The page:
Eight women from three countries were thrown out of the badminton doubles competition on Wednesday.

By Rob HarrisAssociated Press / August 1, 2012

Head badminton referee Torsten Berg, third from left, talks to Indonesia's Greysia Polii, left, and her coach Paulus Firman after he issued a black card to Polii and her partner Meiliana Jauhari as well Ha Jung-eun and Kim Min-jung, of South Korea, unseen, during their women's doubles badminton match at the 2012 Summer Olympics, Tuesday, July 31, in London. At right is an unidentified South Korean coach.

Andres Leighton/AP



The Badminton World Federation announced its ruling after investigating two teams from South Korea and one each from China and Indonesia. It punished them for "not using one's best efforts to win a match" and "conducting oneself in a manner that is clearly abusive or detrimental to the sport" in matches Tuesday night.

"We applaud the federation for having taken swift and decisive action," IOC spokesman Mark Adams told The Associated Press. "Such behavior is incompatible with the Olympic values."

Erick Thohir, the head of Indonesia's Olympic team, told the AP that the Indonesian team will appeal. The BWF said South Korea had also appealed.

The competition was to continue later Wednesday. It was unclear if four eliminated teams would be placed into the quarterfinals or if the competition would restart at the semifinal stage.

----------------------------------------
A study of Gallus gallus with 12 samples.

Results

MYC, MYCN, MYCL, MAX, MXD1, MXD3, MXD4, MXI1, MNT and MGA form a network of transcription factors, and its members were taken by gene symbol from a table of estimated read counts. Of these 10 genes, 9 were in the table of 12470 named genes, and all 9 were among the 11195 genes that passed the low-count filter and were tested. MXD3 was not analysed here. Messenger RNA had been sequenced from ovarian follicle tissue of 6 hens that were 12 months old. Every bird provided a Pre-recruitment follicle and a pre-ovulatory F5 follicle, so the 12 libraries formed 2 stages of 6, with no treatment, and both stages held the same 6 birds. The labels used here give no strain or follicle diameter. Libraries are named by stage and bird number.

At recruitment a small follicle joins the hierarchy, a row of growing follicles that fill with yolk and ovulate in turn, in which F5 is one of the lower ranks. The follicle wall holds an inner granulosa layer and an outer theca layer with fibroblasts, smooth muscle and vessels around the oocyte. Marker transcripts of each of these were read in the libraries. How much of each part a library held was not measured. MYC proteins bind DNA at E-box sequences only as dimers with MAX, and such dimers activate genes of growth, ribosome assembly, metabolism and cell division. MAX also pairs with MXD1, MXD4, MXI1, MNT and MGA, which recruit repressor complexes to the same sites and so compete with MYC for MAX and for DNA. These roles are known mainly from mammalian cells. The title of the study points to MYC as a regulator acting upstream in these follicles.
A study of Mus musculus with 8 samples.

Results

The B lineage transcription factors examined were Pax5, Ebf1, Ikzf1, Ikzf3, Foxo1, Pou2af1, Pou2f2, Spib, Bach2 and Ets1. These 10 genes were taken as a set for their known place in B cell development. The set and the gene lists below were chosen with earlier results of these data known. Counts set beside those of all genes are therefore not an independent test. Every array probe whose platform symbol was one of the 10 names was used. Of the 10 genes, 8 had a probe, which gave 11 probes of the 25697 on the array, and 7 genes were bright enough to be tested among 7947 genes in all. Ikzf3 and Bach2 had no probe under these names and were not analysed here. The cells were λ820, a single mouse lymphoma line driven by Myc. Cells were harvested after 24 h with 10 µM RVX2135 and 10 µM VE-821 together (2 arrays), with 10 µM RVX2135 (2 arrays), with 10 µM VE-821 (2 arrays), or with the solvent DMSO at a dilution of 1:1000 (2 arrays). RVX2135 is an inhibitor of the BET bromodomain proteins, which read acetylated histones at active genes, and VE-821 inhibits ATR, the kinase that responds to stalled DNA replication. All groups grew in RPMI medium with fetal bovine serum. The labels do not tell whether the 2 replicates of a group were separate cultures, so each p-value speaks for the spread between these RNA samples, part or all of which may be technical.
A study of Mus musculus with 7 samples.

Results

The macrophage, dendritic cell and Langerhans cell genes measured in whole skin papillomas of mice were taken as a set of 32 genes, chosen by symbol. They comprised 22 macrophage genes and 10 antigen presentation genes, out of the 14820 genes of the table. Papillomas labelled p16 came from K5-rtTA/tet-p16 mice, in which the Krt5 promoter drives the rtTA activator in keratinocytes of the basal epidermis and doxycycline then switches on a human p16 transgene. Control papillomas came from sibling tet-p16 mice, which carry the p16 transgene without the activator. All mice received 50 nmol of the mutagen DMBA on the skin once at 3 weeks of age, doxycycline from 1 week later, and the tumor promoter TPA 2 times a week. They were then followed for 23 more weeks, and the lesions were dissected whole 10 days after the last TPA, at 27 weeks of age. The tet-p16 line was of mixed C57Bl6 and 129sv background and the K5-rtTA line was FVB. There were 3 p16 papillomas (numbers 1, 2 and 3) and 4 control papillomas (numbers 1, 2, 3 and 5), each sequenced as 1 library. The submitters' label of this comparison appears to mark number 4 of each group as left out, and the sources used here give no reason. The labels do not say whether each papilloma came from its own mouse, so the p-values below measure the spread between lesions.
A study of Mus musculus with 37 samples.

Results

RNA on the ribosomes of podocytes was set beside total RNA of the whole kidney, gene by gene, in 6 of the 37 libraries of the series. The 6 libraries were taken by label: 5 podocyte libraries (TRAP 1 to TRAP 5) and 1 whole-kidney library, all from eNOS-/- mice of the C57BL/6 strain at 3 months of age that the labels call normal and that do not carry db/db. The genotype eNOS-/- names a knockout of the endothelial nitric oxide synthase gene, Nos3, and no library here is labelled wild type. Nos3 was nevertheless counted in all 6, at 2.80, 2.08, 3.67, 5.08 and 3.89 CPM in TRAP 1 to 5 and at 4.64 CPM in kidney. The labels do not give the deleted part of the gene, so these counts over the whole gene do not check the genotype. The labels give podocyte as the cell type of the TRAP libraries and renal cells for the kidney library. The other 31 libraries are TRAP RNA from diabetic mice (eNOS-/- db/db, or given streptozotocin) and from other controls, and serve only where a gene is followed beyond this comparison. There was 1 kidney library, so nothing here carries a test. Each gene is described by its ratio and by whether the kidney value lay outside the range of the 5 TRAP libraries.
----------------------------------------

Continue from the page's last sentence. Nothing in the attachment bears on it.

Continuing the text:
Thohir accused Chinese players of losing on purpose in the past.

"China has been doing this so many times and they never get sanctioned by the BWF," Thohir said. "On the first game yesterday when China did it, the BWF didn't do anything. If the BWF do something on the first game and they say you are disqualified, it is a warning for everyone."

IOC Vice President Craig Reedie, the former head of the international badminton federation, welcomed the decision.

"Sport is competitive," Reedie told the AP. "If you lose the competitive element, then the whole thing becomes a nonsense.

"You cannot allow a player to abuse the tournament like that, and not take firm action. So good on them."

The eight disqualified players are world doubles champions Wang Xiaoli and Yu Yang of China and their South Korean opponents Jung Kyun-eun and Kim Ha-na, along with South Korea's Ha Jung-eun and Kim Min-jung and Indonesia's Meiliana Jauhari and Greysia Polii.

The players went before a disciplinary hearing Wednesday, a day after spectators at the arena booed their performance after it became clear they were deliberately trying to lose.

International Olympic Committee President Jacques Rogge had been at the venue but had left shortly before the drama unfolded. The IOC said it would allow badminton's ruling body to handle the matter.